Stan wrote:nobody finds this interesting?
That's weird, I never saw that post! Thanks for bringing it up again
Well, that's really interesting to me, especially because it gives a clue to which vowels he used in his speech (or believed he used). Here are my comments:
--I found it very interesting that he used the symbol representing /ɔ/ as the beginning of the /aʊ/ diphthong. Presumably this means he pronounced it (or believed he pronounced it--he wasn't a linguist as linguistics didn't really exist as we know it today) /ɔʊ/.
--He also uses /ɔ/ for the second vowel in "because" and the first in "contrary," which is quite interesting.
--why did he include /l/ in "would?" It'd been absent in English for centuries in that word. My guess is that traditional orthography was still influencing his new system. This can also be seen with his "to" which would indicate /to/ under his system but it's been pronounced /tu( : )/ since the Great Vowel Shift of the 15th century in English and he was around in the 18th century.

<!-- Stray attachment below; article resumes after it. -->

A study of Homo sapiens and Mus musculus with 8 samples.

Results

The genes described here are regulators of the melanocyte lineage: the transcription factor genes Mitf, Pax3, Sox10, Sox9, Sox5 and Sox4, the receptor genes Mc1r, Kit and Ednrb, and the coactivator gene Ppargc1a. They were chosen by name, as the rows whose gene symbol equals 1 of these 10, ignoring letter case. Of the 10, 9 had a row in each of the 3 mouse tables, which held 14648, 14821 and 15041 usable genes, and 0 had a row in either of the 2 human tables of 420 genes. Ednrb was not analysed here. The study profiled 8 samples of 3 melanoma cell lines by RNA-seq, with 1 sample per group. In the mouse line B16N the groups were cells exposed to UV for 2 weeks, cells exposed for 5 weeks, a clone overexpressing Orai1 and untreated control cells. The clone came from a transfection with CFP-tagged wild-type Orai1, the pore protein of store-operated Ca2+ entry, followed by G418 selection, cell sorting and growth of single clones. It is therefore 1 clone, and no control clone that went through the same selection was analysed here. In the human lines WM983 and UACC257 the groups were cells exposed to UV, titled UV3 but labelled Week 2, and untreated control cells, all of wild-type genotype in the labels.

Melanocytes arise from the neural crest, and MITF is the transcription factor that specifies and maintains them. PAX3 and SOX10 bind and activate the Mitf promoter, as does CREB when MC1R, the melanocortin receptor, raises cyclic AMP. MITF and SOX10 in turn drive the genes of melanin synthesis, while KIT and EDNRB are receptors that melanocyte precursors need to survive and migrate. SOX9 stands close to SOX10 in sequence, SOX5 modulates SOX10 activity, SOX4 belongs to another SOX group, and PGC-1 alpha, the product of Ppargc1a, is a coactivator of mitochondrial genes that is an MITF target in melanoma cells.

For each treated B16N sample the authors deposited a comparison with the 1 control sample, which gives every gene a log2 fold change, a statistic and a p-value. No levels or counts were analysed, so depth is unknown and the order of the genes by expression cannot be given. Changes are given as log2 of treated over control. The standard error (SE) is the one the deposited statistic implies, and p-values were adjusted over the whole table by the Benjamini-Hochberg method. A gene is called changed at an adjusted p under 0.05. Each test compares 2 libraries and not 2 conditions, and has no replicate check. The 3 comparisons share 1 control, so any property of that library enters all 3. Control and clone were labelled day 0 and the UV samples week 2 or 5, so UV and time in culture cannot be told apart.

--he had yod coalescence in "new." He seems to indicate /j/ in "few" with /fiu/ but his system has /nu/ for "new." This is consistent with current pronunciation for most Americans.
--he represents the /aɪ/ diphthong as /ʌɪ/.
--he shows a different vowel for "more" and "foreigner." If this is accurate, then he was not "Tory-torrent" merged. B Franklin was born and raised in Boston, which is still mostly not "Tory-torrent" merged to this day. He later went to Philadelphia, which is also largely "Tory-torrent" unmerged.
--he doesn't provide for schwa, which has long existed in English in many unstressed positions and certainly did by the time he was around
--he doesn't show "way" and "age" as having the same vowel. With "age" he implies it has /ɛ/. I think he may have forgotten the <ê> for that one.
--he inconsistently shows [z]. He has it in "is" and "varies" but not in plurals like "rules."
Anyway, thanks for posting this--very interesting, but it appears he didn't exactly stick to his own rules all the time! It still does shed some light on his pronunciation. Very cool.